Packers Show NFL's Financial Health, Madden's Bottom 10, What's $100K Among Friends? And Other Bears Bullets


Chicago Bears

Rookies and quarterbacks report to Halas Hall today. Football is coming. It’s in the air. Well, that and humidity if you’re in the greater Chicagoland area. But the football is what we’re really into right now.

  • As the only publicly owned team in the NFL, the Packers are the only team required to report its yearly financial earnings. And when they pulled back the curtain, it made my eyes pop:
  • If you’re curious as to how much NFL teams make in a given year, monitoring Green Bay’s situation should give you a good idea of what the other 31 teams are working with (give or take) in their respective markets. The Packers reported more than $77 million in operating profit in a year in which the franchise generated $579 million in revenue. According to the AP, the Packers’ total revenues are up 56% over last year’s total and a 14.2% jump over where things were in 2020. In other words, the Packers have rebounded nicely after the pandemic-altered 2020 season. Having butts in seats in 2021 after not having any in 2020 due to restrictions probably helped matters. And I imagine the rest of the books for teams around the league share a similar story.
  • In case you’re wondering about it: Green Bay’s reported revenues do not account for the nearly $65 million the team raised from selling team stock. Who knew pieces of paper declaring your ownership (which I’ll remind you doesn’t have value like stock you’d buy in another business … or even team) could bring in big bucks? I’d bet the NFL’s other 31 teams are scheming up ways to do something similar. Heck, one Chicago alderman was kicking the idea around last year.
  • Closer to home, it appears as if the Bears and second-round pick Jaquan Brisker are squabbling over $100,000 or so. Brisker, the second of Chicago’s two second-round selections in the 2022 NFL Draft, isn’t expected to show up with the rest of the rookies as they begin reporting to training camp today. That’s because there has been a stall in contract negotiations (Tribune, Sun-Times) stemming from how much in guarantees Brisker will get from the team in Year 3 of his deal. It seems so trivial. And you’d think it would be easy to get done. But this is the Bears, and we should know better by now. Nothing comes easy for this franchise. Not even something as seemingly simple as second-round contracts.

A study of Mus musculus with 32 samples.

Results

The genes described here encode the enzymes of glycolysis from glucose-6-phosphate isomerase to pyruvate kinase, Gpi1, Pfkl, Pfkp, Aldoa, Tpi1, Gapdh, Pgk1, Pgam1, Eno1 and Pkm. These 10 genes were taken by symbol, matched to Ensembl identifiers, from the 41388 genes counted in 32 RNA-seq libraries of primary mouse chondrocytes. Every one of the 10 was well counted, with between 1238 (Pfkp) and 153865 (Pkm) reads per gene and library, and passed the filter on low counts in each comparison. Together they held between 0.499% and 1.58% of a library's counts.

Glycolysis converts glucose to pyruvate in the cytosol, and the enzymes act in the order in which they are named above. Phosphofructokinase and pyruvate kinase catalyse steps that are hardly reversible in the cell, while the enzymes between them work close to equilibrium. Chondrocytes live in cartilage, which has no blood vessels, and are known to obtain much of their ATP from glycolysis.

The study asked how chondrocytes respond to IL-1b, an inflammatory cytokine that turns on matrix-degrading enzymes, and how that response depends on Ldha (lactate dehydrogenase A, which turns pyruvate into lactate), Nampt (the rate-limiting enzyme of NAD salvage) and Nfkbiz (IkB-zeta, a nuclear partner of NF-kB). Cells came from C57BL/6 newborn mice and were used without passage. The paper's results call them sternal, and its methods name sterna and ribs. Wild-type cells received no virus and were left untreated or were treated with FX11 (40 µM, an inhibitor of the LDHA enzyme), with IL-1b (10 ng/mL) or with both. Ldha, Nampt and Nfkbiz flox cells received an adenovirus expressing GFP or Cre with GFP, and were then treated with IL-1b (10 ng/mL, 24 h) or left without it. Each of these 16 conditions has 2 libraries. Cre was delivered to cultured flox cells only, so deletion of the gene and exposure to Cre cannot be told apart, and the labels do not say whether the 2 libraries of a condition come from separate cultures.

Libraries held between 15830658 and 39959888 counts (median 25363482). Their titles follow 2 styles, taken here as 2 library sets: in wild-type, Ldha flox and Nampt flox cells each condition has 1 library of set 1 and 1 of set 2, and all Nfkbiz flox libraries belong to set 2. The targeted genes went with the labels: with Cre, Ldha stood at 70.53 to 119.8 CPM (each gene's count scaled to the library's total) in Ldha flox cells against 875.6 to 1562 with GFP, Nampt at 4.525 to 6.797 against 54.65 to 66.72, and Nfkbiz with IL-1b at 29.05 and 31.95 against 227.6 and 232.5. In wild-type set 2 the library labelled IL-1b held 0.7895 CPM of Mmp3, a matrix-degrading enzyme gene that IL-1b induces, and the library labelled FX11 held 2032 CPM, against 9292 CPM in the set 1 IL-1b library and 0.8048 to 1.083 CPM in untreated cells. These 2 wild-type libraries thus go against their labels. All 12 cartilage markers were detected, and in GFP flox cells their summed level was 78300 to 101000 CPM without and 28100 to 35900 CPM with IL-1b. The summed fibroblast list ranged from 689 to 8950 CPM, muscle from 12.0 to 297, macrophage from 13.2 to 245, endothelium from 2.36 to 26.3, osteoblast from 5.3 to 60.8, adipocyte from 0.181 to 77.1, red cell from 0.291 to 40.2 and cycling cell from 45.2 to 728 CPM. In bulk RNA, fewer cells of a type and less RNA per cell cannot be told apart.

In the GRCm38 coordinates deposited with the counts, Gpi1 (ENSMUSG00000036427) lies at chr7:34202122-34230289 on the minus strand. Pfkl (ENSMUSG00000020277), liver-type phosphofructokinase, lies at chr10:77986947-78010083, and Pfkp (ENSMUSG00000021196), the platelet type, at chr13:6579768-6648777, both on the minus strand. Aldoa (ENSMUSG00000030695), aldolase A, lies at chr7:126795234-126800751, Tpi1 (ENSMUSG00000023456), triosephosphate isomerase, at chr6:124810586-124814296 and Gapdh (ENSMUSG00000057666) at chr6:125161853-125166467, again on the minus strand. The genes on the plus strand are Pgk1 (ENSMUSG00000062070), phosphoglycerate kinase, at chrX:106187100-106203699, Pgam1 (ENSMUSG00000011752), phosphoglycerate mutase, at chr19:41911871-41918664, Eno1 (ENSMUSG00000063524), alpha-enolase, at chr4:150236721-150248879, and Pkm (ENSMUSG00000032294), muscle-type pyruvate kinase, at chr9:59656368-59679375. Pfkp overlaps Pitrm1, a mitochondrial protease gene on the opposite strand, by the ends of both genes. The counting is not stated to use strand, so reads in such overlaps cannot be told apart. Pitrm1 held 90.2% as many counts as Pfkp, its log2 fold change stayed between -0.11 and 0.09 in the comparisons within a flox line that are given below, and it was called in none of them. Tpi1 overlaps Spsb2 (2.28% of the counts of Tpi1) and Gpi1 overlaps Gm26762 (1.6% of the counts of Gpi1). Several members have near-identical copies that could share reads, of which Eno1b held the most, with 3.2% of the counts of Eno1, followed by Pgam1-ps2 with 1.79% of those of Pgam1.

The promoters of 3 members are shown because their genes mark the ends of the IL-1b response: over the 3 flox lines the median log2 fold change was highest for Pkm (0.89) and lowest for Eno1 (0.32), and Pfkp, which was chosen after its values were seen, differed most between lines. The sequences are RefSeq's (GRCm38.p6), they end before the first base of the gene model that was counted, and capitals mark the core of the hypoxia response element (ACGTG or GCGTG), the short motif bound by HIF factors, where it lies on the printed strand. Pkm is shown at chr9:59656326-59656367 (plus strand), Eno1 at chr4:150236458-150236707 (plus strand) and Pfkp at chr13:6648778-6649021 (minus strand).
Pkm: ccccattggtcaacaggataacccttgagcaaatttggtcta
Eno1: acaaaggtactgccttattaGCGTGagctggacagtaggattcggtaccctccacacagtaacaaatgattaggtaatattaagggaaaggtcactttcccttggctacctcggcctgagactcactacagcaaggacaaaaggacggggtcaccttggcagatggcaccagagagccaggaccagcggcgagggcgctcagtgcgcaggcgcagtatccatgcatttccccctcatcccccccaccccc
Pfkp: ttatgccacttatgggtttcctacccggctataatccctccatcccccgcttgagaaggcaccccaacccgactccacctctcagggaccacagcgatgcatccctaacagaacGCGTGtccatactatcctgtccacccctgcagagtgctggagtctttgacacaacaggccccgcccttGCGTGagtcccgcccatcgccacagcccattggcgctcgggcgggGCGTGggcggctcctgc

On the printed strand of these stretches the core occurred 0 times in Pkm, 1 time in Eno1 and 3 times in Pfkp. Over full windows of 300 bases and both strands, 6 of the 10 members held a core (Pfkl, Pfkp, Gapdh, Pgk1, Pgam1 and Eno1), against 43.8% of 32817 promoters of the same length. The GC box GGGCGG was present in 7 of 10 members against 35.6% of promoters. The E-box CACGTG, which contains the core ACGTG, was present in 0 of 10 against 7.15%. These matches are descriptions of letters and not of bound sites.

• Perhaps it is as simple as Johnathan Wood puts it here: The 46th pick (Lions DE Josh Paschal) got $275,000 in guarantees for Year 3. One pick later, DT Phidarian Mathis was given $111,000 by Washington. Brisker was the 48th pick, so it is feasible to think that $100,000 in guarantees closes the book on this situation. And if that is the case, then it should get done with the swiftness. The Bears should be running to the table to get this done. This team can’t afford to have holdout situations with perceived defensive building blocks. Don’t get me wrong. It wouldn’t be the end of the world. But the optics of the Bears groveling over $100K for a draft pick who figures to be a Day 1 starter isn’t a good look.
  • Let’s give this additional perspective, shall we? The Bears have $57,701,513 in dead money as of this morning. That means they are paying more than $57 million to players who won’t suit up for them in 2022. If you’re willing to bite down and swallow hard on that as you start your rebuild, then what’s $100,000 to a player you chose in the draft to be a core piece of your secondary? (Pause for dramatic effect). Exactly. Hurry up and get the deal done, Bears. We want to see how nice this defensive backfield can be:
  • Madden’s ratings are not too kind to the Bears. But the players at the bottom of the barrel are really feeling it:

I love a good flashback:

  • Halas Hall is cool. But nothing beats like a morning road trip to Bourbonnais with the windows down (because my AC wasn’t working too good) and some Taylor Swift bops turned up on the open road.
  • Six of these maulers are on the Bears’ schedule this season:
  • Another update from Packerland, where Fields Yates (ESPN) reports nine Packers will begin the summer on the PUP (physically unable to perform) list. Among them are second-round receiver Christian Watson, offensive lineman Elgton Jenkins (a Pro Bowler in 2020), and kicker Mason Crosby. As a reminder, PUP players on the list *BEFORE* training camp can come off at any time. So, there is no reason for overreaction to seeing some notable names join the list in the summertime. Even still … no team wants to see its players on the PUP list at this (or any) time of the year.
  • Another day, another NFL team rocking with black helmets:
  • Am I the only one wondering what it would look like if the Bears had black helmets/uniforms? As alternates. I’m not sure they can rock black as a main uniform color. That might be too much, too soon.
  • Ben Roethlisberger saying today’s young players are being coddled made my eyes roll so hard into the back of my head that it is a minor miracle that they made it back to their original position for me to write this post. (PFT)
  • Last night was full of baseball ridiculousness:
  • The Cubs scoring 15 runs was more impressive than the Jays putting up 28 on the Red Sox. Change my mind.
  • I hope Artūras Karnišovas is kicking the tires here:
  • Post-draft prospect watch:

Author: Luis Medina

Luis Medina is a Writer at Bleacher Nation, and you can find him on Twitter at@lcm1986.